A thought experiment that intrigued Clive Rock – from the BBC:
Mike Hearn … a Zurich-based software developer is both an ex-Google engineer and one of the leading Bitcoin software developers. …
Emancipated automobiles sounds like a crazy concept. But the man advocating the idea goes further: he thinks they’ll have babies. …
At the heart of his vision is the idea that once driverless cars become commonplace, most people won’t want or need to own a vehicle any more. And in a world dominated by self-steering taxis, each ride becomes cheaper if the vehicles are autonomous rather than owned and run by major corporations.
Instead of controlling which car goes where via proprietary software, the cars would communicate with people and the surrounding infrastructure via a new internet-based commerce system, he dubs the Tradenet.
“You would be using an app that goes onto Tradenet and says: ‘Here I am, this is where I want to go, give me your best offers,'” the developer says.
“The autonomous taxis out there would then submit their best prices, and that might be based on how far away they are, how much fuel they have, the quality of their programming.
“Eventually you pick one – or your phone does it for you – and it’s not just by the cheapest price, but whether the car has a good track record of actually completing rides successfully and how nice a vehicle it is.”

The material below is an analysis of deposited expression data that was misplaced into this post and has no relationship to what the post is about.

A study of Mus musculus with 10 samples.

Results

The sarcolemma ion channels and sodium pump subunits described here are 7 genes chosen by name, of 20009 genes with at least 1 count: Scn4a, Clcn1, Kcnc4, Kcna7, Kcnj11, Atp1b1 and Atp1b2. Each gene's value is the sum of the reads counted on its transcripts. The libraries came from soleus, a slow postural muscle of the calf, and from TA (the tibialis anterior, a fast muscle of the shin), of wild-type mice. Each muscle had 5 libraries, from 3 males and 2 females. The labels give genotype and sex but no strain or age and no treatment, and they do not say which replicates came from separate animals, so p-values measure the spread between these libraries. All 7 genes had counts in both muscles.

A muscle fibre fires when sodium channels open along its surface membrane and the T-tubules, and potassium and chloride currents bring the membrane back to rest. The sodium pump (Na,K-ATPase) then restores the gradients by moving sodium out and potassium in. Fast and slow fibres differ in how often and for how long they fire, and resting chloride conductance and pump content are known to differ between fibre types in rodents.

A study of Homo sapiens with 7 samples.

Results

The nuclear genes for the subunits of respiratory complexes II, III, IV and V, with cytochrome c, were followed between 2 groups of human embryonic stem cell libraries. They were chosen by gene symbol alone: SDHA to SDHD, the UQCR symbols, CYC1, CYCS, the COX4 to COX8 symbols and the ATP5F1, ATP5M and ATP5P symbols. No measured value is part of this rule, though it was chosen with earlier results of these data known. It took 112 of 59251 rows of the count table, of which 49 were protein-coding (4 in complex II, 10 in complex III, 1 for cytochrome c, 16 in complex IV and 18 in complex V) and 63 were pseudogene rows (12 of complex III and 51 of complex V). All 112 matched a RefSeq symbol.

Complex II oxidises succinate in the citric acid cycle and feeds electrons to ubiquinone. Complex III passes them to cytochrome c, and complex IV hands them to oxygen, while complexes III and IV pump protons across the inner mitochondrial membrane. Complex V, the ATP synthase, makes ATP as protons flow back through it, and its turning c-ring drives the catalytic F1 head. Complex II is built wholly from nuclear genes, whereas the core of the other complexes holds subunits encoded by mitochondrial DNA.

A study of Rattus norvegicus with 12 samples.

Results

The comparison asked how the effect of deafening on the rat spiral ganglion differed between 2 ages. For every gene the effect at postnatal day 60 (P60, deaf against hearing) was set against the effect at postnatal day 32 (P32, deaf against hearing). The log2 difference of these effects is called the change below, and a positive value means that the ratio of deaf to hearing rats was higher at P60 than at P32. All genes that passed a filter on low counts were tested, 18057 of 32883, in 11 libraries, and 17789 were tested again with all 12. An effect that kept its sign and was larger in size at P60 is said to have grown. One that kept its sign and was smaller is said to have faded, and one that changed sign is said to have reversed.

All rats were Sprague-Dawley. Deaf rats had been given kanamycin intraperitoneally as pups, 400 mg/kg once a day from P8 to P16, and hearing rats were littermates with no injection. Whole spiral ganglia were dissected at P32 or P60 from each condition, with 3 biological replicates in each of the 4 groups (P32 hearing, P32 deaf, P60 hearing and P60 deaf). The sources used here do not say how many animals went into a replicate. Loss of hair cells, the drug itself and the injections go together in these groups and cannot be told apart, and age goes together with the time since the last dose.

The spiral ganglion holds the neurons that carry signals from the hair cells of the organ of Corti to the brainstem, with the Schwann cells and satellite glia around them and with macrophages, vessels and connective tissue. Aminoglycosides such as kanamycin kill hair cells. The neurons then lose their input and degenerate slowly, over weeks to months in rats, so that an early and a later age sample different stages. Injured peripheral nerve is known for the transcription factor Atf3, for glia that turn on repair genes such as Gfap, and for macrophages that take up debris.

More realistically – from SustainableCitiesCollective:
What Do Driverless Cars Mean for Suburban Planning?
Probably the biggest change is the demise of the large parking lot. These huge slabs of asphalt dominate suburban commercial landscapes, often taking up 80 percent of commercial parcels. They dominate the streetscape, and arterial suburban roads are lined with them. Without personal vehicles to park, there’s no need for a parking lot. That land could be put to productive use.
With a transportation system that’s five times as efficient, too, there’s little need for wide arterial roads packed with single-occupant vehicles. As well, without human drivers, there’s no need for “forgiving engineering” focused on driver psychology and driver needs. We can narrow lanes from 12 feet (freeway width) down to 10 feet or even 9.5 feet and have the same vehicle capacity and speed. There would rarely be a need for roads wider than 2 lanes in the suburbs.
So, we can wave goodbye to parking lots and wide arterial roads.